Habit Design: Resurrecting Behaviorism for Fun and Profit

I attended Michael Kim’s Habit Design meetup tonight, which was billed as a fireside master class with BJ Fogg, director of the Persuasive Tech Lab at Stanford.  It was held at design firm Ideo’s office, under the Bay Bridge in San Francisco, which was plentiful with distressed, recycled wood.

Michael Kim asked everyone to read up on Fogg’s work before attending this meetup, so I complied.  Not to make him sound creepy, but Fogg seems to be working out some sort of framework for the operant conditioning of humans.  I am a little confused by this stuff.  On the one hand, his behavior model seems quite intuitive.  It stands to reason that the harder a task is, the more motivated one has to be in order to be persuaded to perform that task. On the other hand, there is no empirical evidence offered that this is actually true.  As one fellow attendee pointed out, the flat earth theory was quite intuitive as well.  So while Fogg’s lab resides at Stanford, his work has a highly unacademic feel to it.  Citations are sparse to non-existent in the material I reviewed, and I didn’t see any papers based on actual experiments.

But QS isn’t properly scientific either, and I have argued that it provides value by giving us insight into ourselves.  I am willing to concede that habit design might be useful to help individuals craft their own behaviors to reduce harmful habits and increase positive habits. I was initially interested in habit design because I wanted to increase the frequency of my own writing habit.  I did build a decent writing habit for a few months recently during a lull in business, but I found it much harder to maintain once business picked up again.  Fogg’s ability factors offer some insight into this. I often feel too exhausted mentally to write after working all day.  So one obvious solution this suggests is to simply stop expending mental effort at work (Ah, if only it were that easy.).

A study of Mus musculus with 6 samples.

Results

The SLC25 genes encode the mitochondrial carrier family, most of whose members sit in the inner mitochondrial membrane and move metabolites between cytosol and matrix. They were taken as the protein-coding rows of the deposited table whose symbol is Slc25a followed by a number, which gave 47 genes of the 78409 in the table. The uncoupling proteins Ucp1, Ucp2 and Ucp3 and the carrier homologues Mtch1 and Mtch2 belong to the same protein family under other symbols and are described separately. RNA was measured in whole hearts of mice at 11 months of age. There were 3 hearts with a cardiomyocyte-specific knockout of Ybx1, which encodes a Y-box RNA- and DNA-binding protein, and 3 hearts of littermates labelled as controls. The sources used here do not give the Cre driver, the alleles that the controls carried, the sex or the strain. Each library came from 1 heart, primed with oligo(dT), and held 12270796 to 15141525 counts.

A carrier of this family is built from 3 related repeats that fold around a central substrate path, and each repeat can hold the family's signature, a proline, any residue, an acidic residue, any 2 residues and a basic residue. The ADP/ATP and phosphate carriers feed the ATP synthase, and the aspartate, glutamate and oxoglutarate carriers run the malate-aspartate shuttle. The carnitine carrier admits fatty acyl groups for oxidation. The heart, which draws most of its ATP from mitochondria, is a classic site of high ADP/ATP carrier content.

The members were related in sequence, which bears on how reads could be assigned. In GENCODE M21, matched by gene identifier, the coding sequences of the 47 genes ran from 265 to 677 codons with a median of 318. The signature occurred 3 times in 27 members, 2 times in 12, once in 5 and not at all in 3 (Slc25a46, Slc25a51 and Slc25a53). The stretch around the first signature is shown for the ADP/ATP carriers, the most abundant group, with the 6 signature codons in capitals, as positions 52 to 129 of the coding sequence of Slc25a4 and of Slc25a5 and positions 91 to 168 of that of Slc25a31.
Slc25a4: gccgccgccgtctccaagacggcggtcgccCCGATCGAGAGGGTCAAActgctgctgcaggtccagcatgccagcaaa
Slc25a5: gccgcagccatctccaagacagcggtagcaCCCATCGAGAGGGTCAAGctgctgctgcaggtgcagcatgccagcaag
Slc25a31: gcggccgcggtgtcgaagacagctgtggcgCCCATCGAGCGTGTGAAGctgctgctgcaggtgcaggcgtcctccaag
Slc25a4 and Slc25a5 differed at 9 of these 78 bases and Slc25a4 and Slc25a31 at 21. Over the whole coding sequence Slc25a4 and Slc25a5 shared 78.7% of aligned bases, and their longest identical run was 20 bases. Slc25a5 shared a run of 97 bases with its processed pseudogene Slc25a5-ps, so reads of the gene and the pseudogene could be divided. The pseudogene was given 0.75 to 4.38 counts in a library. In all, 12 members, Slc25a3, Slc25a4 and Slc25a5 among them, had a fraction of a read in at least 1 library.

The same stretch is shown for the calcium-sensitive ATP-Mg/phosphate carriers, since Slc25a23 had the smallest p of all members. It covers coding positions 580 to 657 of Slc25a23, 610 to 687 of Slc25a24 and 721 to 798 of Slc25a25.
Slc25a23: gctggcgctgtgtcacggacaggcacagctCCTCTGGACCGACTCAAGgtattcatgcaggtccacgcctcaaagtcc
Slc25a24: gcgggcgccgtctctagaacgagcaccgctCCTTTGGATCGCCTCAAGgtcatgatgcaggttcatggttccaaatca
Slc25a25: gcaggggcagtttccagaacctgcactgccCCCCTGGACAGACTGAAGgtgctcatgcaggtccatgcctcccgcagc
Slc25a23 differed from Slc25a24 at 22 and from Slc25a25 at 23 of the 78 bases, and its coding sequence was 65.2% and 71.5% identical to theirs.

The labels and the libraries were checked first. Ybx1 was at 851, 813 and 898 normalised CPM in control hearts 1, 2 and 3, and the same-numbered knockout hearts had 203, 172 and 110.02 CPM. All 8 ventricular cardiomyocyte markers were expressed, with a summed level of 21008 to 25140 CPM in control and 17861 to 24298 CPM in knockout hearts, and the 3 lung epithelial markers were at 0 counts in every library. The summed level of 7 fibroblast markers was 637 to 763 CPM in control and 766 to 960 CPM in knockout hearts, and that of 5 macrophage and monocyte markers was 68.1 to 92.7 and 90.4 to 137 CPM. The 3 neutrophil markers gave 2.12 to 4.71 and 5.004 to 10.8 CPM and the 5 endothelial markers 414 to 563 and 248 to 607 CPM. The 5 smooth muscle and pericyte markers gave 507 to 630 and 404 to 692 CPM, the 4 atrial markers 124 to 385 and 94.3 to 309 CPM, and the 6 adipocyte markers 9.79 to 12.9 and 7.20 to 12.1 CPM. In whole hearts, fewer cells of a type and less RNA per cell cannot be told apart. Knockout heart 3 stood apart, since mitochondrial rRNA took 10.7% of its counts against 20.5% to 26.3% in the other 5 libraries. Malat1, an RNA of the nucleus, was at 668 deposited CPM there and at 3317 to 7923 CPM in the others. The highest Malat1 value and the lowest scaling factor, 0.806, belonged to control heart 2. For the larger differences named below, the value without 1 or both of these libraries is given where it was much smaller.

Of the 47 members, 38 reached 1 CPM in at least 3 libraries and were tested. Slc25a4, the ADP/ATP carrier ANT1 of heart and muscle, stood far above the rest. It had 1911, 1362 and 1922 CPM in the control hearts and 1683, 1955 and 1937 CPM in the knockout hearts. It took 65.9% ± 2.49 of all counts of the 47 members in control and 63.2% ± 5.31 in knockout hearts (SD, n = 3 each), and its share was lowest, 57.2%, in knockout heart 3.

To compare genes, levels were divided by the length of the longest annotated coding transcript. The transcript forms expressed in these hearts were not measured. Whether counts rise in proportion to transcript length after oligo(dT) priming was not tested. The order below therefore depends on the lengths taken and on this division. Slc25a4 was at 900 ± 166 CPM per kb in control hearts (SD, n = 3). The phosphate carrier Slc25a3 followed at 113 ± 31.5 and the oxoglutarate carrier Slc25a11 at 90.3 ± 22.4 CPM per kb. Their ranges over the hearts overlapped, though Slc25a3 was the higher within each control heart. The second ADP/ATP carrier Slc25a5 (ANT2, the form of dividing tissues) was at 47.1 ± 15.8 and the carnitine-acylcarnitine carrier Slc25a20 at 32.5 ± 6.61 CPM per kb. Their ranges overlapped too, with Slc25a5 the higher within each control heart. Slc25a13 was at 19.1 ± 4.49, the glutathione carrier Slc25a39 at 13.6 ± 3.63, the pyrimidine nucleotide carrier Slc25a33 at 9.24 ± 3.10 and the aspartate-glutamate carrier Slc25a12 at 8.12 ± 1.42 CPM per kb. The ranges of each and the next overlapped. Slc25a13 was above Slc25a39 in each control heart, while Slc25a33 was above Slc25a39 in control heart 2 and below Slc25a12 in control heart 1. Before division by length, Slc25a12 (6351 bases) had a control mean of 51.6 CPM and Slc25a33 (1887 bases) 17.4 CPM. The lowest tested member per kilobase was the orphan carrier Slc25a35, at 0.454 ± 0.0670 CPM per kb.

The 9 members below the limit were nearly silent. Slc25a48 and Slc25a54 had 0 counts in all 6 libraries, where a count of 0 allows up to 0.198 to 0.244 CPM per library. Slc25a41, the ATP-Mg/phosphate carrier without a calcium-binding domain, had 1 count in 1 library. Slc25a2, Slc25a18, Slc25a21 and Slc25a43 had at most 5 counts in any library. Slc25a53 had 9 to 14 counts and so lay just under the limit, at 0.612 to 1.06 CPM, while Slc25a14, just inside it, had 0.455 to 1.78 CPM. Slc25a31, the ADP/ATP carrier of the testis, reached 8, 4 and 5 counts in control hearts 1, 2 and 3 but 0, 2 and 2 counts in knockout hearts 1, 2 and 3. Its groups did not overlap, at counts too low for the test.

Many of the people at these Habit Design meetups are app developers and business people.  Fogg ran a successful and high profile Facebook app class in 2007 that spawned apps that reached millions of people.  So a lot of Silicon Valley types started paying close attention to him and his work.  He advocates lean startup, agile style models of development where various ideas are attempted and iterated toward completion.  Little effort is expended for each initial prototype and only ideas that pan out receive additional effort and resources.

Now all this sounds well and good and properly entrepreneurial.  But I found Fogg to be a bit glib in the way he treats this topic of persuasion through technology.  Assuming that these behavior design tools of his work, he is potentially arming young, hungry, ethically challenged Silicon Valley hustlers with brain washing technology.  I would have preferred to hear some mention of the ethical implications of behaviorism in the marketplace.   It seems that when Skinner’s ideas were ejected from academia, the mantle of behaviorism was quietly taken up by corporations.  As this fellow Jay pointed out, the casinos for example have figured out plenty of tricks to control the behavior of their prey, err, “customers.”

Capitalism is sort of a massive genetic algorithm generating all sorts of unsavory behavior control strategies.  I usually console myself with the belief that humans are pretty canny and quickly learn the tricks of advertisers and other mercenary persuaders.   But if this pseudo-science turns into real science as with neuromarketing, then more and more of us will be in real trouble.  I don’t want to end up in the thrall of some corporation whose marketing department figures out how to attack my weakness for Star Wars memes.  Seriously, if some habit designer sets up just the right sequence of triggers, the next thing I know I’ll be spending all of my disposable income on action figures.

But there is a real self-help angle here.  The fact is that many of us struggle with modifying our own behaviors.  Several ignite talks were given by folks who figured out ways to change their own habits by modifying their environments or by taking baby steps to build up routines that could be expanded on.  Fogg’s tiny habits program may have helped many people change their habit by supplying triggers via email.  I like the simplicity of focusing on triggers and ability instead of motivation.  We only can do what we are capable of doing and I can see how a trigger and reward can help to get you moving.  So go ahead, learn to ring your own bell and salivate.  In additional to training yourself to take that daily run or forgo that delicious doughnut, you might inoculate yourself against the incessant ringing of those product engagement bells.